The Ethereum network has successfully activated the latest network upgrade dubbed Mount Glacier or (Muir Glacier) which effectively introduced only one Ethereum Improvement Proposal (EIP) – EIP-2387.
As of press time, all Ethereum nodes expect the nethermind clients have synched to the new network upgrade. Joseph Delong, a Core developer for Ethereum wrote on Twitter on Thursday that the “Ethereum Muir Glacier hard fork was a success.”
Looking at the Ethereum hard fork monitor Ethernodes, more than 1,000 blocks have so far been mined on the new update as Nethermind nodes are still stuck on the block #9,199,999 for more than 6 hours now since the network hard fork was implemented.
The EIP-2387 update introduces a difficulty bomb delay algorithm pushing the onset of the difficulty bomb for another 4 million blocks or approximately 611 days.
This is now the third time that the Ethereum network has pushed back the onset of the difficulty bomb to give more time for the network to transition to the Proof of Stake consensus mechanism.
The first time was in 2018 with the rollout of the Byzantium hard fork while the second time was in February 2019 when the network implemented the Constantinople hard fork.
The Muir Glacier hard fork comes barely a month after the Istanbul upgrade that occurred on December 7th.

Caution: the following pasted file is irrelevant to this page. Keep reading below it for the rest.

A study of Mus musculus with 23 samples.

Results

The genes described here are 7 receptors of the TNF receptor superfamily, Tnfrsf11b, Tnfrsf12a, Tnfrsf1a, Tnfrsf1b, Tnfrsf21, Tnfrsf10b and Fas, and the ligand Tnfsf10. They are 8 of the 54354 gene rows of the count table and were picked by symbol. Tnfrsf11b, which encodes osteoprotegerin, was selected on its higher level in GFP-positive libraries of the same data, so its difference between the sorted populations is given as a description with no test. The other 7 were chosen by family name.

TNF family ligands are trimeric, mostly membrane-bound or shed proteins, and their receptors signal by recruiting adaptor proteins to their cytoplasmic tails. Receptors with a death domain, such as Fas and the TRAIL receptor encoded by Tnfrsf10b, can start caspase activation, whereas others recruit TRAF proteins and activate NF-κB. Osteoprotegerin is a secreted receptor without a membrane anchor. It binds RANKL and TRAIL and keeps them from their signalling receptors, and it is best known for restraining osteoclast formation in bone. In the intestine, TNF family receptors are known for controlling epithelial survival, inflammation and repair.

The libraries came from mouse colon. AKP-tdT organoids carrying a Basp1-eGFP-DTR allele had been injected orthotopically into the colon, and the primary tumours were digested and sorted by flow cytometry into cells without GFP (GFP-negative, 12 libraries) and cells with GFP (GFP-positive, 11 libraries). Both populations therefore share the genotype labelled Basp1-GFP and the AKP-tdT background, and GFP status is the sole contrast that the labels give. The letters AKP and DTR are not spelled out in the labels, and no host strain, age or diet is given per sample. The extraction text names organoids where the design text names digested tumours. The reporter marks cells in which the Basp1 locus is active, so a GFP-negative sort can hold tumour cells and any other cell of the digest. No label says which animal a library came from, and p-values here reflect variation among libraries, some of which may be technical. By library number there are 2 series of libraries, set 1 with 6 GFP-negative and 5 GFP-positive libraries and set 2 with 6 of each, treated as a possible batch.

That is a short time period apart which invites criticism on the core developer group who are in charge of coordinating hard forks.
However, it is necessary to point out that the necessity of implementation of the Muir Glacier was hurried due to the onset of the effects of the difficulty bomb.
Due to a miscalculation which originally projected that the onset of the effects of the difficulty bomb was to be felt around mid-2020 but instead this happened several months earlier in October 2019.
Some developers have voiced their concerns about the necessity of the difficulty bomb algorithm which is part of the road map for the upgrade of the Ethereum network to version 2.0.
The difficulty bomb was introduced to force the community to upgrade to Proof of Stake as soon as it was possible to do so but the launch of Ethereum V2.0 has delayed multiple times that it has been necessary to postpone the difficulty bomb.
A difficulty bomb is a situation in which creating transaction blocks become so difficult that it is economically unfeasible to engage in mining for Ethereum coins.
Delong stated back in November that maybe the difficulty bomb concept was not such as brilliant idea in the first place.
“Can we all just agree [that] the difficulty bomb was the dumbest thing we’ve done collectively?” he wrote on Twitter.